Some residents feel they were forgotten

Some residents feel they were forgotten
Opa-locka apartment deals with lack of food, downed wires

Miami-Dade County School Board Member Steve Gallon III and Opa-locka city officials hand out sandwiches, fruit and water to children and parents at different apartment complexes on Sept. 13 in the aftermath of Hurricane Andrew. The residents did not have power in their units and the children were out of school and eager to get the refreshments.

Miami Times/Andrea Robinson

As utility and oil companies restore lights and gas around town, hundreds of people in urban core neighborhoods wondered aloud if they’ve been forgotten.

Take the neighbors at the Our Home Apartment Corp. complex along Ali Baba Avenue in Opa-locka. Residents — mostly women and small children — had no electricity last Wednesday, so they sat along the steel balconies and busily fanned themselves with paper, towels or whatever they could find.

Two Opa-locka commissioners — Joseph Kelley and Matthew Pigatt arrived with a small caravan of people, including School Board Member Steve Gallon III and members of a group that provides free water safety lessons in the small city.

The caravan brought food: sandwiches, bananas, water — something that Barbara Beneby said was scarce at that point. “Usually someone from the city comes to check on us. But this time no one came until you all showed up,” she said.

“We’re very appreciative,” Beneby said. “Some people didn’t know how they were going to eat. They had just paid rent, and it would be hard to buy food.”

Beneby, the onsite manager, said no one from a relief agency, government office or utility company had stopped by since Irma roared through Saturday and Sunday.

A bigger headache, she said, is a downed power line that laid to rest on the metal fence that surrounds the building. She and another tenant noticed sparks and smelled something burning along the fence.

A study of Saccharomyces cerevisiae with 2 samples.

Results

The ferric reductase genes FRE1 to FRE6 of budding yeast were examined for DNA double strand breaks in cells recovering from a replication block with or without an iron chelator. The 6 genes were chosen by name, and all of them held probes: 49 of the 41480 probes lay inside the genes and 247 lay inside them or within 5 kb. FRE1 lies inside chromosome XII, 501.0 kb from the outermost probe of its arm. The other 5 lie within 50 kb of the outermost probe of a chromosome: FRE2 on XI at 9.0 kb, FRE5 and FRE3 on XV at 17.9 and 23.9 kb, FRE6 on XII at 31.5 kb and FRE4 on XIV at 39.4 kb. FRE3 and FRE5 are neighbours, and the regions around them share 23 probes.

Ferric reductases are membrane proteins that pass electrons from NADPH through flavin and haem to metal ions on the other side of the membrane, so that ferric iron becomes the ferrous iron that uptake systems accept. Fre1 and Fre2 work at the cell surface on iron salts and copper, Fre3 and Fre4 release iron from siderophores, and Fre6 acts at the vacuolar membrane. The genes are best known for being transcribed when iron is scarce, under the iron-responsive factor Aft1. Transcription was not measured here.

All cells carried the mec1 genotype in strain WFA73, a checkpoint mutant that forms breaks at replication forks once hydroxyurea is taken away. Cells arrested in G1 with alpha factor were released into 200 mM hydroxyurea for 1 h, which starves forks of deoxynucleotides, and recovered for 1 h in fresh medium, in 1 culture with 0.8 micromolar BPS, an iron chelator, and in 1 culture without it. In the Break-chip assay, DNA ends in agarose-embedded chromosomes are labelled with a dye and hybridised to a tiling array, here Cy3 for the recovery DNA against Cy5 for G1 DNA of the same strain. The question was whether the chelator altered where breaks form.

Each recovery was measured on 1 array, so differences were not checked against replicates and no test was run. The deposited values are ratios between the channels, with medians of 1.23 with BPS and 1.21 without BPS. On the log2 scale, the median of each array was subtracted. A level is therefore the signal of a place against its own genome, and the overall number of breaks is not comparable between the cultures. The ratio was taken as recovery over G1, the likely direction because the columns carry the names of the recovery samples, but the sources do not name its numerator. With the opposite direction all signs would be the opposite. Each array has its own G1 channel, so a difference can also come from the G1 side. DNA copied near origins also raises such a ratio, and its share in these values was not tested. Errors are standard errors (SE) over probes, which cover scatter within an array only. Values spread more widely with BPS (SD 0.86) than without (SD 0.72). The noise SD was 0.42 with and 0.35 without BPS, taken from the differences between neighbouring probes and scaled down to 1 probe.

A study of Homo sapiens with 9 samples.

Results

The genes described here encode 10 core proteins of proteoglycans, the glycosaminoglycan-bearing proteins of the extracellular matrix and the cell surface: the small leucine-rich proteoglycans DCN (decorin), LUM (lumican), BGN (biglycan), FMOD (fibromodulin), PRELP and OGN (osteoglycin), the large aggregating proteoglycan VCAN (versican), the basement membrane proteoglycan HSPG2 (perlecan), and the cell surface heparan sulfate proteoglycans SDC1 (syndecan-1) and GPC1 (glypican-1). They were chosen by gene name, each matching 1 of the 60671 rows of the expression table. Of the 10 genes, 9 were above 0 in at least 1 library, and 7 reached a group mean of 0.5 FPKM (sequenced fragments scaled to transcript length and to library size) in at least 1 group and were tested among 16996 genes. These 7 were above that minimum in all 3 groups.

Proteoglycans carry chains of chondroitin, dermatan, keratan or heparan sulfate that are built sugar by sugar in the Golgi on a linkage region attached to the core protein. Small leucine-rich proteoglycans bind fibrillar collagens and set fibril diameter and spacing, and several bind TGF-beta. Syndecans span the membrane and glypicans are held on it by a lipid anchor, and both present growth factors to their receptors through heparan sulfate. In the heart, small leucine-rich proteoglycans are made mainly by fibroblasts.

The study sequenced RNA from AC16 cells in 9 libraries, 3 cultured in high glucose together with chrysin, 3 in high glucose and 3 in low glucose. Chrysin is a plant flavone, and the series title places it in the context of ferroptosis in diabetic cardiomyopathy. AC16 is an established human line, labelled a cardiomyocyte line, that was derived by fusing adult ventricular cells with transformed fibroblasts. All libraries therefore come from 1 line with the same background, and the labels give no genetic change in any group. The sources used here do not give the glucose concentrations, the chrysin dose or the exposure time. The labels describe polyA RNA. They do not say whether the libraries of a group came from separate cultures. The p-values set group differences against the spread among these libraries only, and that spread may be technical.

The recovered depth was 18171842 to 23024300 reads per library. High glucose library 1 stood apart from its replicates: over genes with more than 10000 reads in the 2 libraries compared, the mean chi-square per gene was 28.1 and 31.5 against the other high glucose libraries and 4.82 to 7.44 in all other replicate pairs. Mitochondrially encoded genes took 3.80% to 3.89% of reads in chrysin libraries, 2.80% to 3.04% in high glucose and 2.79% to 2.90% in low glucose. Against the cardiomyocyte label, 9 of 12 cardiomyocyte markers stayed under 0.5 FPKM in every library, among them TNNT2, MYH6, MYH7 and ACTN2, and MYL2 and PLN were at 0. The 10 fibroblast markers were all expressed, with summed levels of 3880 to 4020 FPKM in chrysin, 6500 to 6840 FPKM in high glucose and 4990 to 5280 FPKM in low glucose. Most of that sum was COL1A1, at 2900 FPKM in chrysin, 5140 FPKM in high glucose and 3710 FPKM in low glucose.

Beneby said the few residents who have vehicles were afraid to go out lest they inadvertently touch the gate. A county garbage truck crew has stopped by twice to collect trash, but wont’ go inside for the same fear.

Even worse, she said, children play nearby, so she has to keep a watchful eye to ensure they aren’t electrocuted.

Beneby and Pigatt said they’d put in a call to FPL about the downed wire and the status of the building regaining electricity. “There’s a delayed response in these communities,” Pigatt said.

By Thursday afternoon, things looked somewhat better. Electricity was restored to the apartment complex, meaning Beneby had one less hassle.

“Oh, wow. That was a relief,” she said. “We had people sleeping in the car, in hallways for relief. Both adults and children.”

The problem with the downed line remains, though.

Richard Gibbs, FPL spokesman, said he was unaware of the request.

“We’re reviewing the status of the incident and we will be able to determine if we receive prior notification of the downed wire,” Gibbs said.